Sunday, 22 February 2015

James Starkins

James Starkins', my children's 8th x maternal great grandfather's line has been, without doubt, the most complicated and intertwined I've had to decipher - for reasons that will become apparent.

James (dates unknown) of Elsenham, Essex was a miller in nearby Henham viz:

11,12 Aug 1756 Conveyance (Lease and Release) for £100

Samuel Feake senior to James Starkins, of Elsenham, miller re a parcel of ground (1/2 rood), formerly part of waste of manor of Henham Hall, and a windmill lately erected thereon, with millstones, running gears, utensils and implements, in tenure of James Starkins, in Henham.

He and his wife, Jane, were parents to George Starkins (1732-1785) who took over the mill and married Elizabeth ? (1729-1821) and who had George (1765-1843), Sarah, of whose line more at a later date, and Unknown Starkins (a daughter).

George jnr was born in Elsenham on 9 Aug 1765, married Mary Jones in Bishop's Stortford, Hertfordshire, on 22 Feb 1790 and died, without surviving issue on 1 Feb 1843.

Chantry House, one of the oldest former residences remaining in Bishop's Stortford, was built by George Starkins, now unremembered but in his day a highly successful businessman and farmer. It became his principal home in 1824.

In April 1823, Cockett & Nash, of Royston, designed the house for him at Chantry. It was a handsome residence with large windows just inside the present day gateway; its appearance is identical with today's building, now used as offices.

Inside it has been modernised, but downstairs much of the decorative pargetting to the beams remains; upstairs there are large rooms and a finely panelled dressing room.

George's father died in 1785 and left him a farm and the windmill in Henham. His interests expanded; in 1796 he was a currier (dressing, finishing and colouring tanned hide) and in 1811 a tanner - the business probably deriving from John Jones, his father-in-law. Property in Elsenham came to him after his mother died in 1821 at the age of 92.

In around 1826 George formed a tannery business partnership with Frederick Chaplin, 26, son of George's Congregational Church minister, the Rev William Chaplin. Most likely Frederick learned this trade from George at the Water Lane tannery. An 1837 field plan maps his 1,000 acre farmland in Matching and High Laver.

George's death at the age of 77 on January 23, 1843, was recorded in The Times.

He left 1,300 acres of Essex farmland, £7,500 of cash legacies (worth about £725,00 today), a beer house in Elsenham and 290 gallons of ale in his cellar.

His will caused some drama. Firstly, the map: it indicated how his holdings should be divided to provide income for his relatives and their descendants. Sworn testimony records that on January 24 his Royston solicitors transmitted the will to Frederick (an executor) who read it over; he knew of the map's importance and so locked the door to the Chantry House dressing room where it lay in a japanned deed box.

The Map lists the following properties:

The Reversion
The Readings
Househam One Farm or Clarkes
Tadgets Farm
Logters Farm
Fagotters
Manor of Oates
Hog Farm
Monters Farm
High Laver Farm

All in or around High Laver and Matching, Essex and in total worth £10257.17 in 1837 which equates to £4,5,2371.19 today (2010).

After the funeral on February 1, the door was unlocked by the executors, the map was fetched downstairs and examined by those gathered and the will was read.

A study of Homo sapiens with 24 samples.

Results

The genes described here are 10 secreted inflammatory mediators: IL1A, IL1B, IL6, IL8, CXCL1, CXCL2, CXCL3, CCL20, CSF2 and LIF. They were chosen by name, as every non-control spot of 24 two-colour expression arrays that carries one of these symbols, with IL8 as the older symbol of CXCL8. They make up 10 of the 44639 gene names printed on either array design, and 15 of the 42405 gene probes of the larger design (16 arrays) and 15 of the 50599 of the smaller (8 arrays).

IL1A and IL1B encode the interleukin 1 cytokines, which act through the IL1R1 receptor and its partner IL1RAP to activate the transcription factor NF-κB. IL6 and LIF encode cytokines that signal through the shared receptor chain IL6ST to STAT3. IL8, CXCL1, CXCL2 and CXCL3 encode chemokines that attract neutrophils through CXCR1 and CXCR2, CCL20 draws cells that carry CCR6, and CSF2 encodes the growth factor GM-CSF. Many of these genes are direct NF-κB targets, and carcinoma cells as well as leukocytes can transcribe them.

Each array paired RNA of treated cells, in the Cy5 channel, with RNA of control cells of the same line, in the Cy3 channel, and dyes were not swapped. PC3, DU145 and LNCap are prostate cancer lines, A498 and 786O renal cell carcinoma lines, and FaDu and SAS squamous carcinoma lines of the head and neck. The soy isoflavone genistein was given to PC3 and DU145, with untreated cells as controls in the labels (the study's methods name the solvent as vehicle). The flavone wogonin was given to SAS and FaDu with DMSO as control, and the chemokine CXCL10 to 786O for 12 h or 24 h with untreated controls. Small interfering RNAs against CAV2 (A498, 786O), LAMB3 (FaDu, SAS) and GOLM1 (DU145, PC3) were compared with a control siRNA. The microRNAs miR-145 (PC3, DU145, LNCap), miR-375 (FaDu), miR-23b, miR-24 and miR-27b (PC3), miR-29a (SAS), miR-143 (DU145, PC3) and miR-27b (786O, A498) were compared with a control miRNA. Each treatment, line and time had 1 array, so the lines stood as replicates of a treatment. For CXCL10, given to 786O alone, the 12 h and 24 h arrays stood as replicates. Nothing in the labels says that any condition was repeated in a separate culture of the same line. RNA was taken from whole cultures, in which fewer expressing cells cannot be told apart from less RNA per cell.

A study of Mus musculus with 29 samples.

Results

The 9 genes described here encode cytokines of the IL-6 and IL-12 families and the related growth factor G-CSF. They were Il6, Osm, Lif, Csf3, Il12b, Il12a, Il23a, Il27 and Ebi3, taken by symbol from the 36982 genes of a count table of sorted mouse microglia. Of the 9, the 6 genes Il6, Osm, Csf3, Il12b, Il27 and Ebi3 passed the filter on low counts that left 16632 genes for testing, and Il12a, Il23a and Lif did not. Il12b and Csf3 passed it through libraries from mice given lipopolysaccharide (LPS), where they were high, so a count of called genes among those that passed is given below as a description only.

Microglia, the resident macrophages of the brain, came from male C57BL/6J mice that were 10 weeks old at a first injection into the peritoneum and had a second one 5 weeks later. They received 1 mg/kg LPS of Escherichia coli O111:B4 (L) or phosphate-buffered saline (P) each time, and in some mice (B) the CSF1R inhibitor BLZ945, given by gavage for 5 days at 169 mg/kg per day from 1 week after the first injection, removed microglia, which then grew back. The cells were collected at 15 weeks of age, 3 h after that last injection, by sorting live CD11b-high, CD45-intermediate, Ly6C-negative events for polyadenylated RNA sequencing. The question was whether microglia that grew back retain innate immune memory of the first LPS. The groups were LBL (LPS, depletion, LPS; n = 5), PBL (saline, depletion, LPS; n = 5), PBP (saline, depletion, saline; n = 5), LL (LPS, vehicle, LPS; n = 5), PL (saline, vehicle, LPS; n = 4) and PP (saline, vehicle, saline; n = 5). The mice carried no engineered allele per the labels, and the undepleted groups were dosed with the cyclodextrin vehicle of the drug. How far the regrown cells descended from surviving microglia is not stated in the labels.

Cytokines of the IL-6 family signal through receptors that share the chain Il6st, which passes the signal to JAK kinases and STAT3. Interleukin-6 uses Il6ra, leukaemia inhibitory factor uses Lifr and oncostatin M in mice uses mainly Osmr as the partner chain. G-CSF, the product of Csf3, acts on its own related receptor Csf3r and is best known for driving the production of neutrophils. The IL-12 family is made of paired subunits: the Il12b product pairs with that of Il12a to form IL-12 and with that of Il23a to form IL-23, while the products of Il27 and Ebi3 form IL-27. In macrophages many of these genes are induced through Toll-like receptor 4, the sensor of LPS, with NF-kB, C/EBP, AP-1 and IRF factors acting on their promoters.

More dramas occurred when it turned out that George's birth was unrecorded (his mother's Bible contained the necessary family detail) and the Elsenham property had no deeds of ownership!

Frederick Chaplin inherited the Chantry estate. The house contents were mostly sold, but not, it seems, the ale.

Meanwhile his nameless sister married one Thomas Wallis (d. 1822 Shepreth, Cambridgeshire) and had issue: George Starkins Wallis 1 (1794-1856), Sarah b. 1788 and Ann.

Sarah married Charles Wedd 23 Jun 1810 and had two boys and two girls; the girls, Sarah and Elizabeth married, I assume but not proven, brothers Thomas, a brewer in Harlow, Essex, and Frederick William Chaplin, a farmer also in Harlow, and both had issue.

Ann married John Inkersole who first appears as a Miller in Thriplow, Cambridgeshire and subsequently as a bankrupt brewer in 1856 in Sawbridgeworth, Herts. They had issue three boys and 2 daughters:

Thomas b. 1816 married an Essex girl but had no children. He seems to be a bit all over the place having been a farmer in 1851, a spirit merchant in 1861 and finally a commercial clerk in 1881.

Charles b. 1821, Mary b. 1825, James 1826, Elizabeth b. 1826.

Elizabeth married Thomas Frederick Cheesman (1814-1900) ex RN and Surveyor of Taxes (early Inland Revenue) and had issue three boys and two girls.

George Starkins Wallis 1 was born in 1794 at Shepreth, Cambridgeshire and was twice married; 1st to Ann Matilda Fitch on 28 Jul 1810 in Meldreth, Cambridgeshire & 2nd to Martha Fordham on 30 10 1819 at St George, Hanover Square, London.

By his first wife he had Ann b.1812 Harston, Cambridgeshire m. 25 May 1836 Joseph Ellis and subsequently A Wright; and Sarah (1814-1857) m. Tomas Hacker Body or Boddy 21 10 1835 Meldreth, Cambridgeshire (she died in Wisconsin).

By his second wife he had a son and three daughters:

George Starkins 2 (1824-1900) see below.

Mary Jane b. 1821, Martha Fordham b. 1827 and Elizabeth Harriet b. 1833.

Mary Jane died unmarried, Martha Fordham married, in 1859, either Thomas Bush or William Olive in Bishop's Stortford and Elizabeth Harriet married William Wilkerson in 1853 as per my previous post.

George Starkins Wallis 2 (1824-1900) was born in Melbourn and married Smithson Wilkerson (1827-1900) in 1850. They had no children.

He was a dairy farmer in Renhold, Bedfordshire from 1861-1881 and subsequently an estate agent (1891).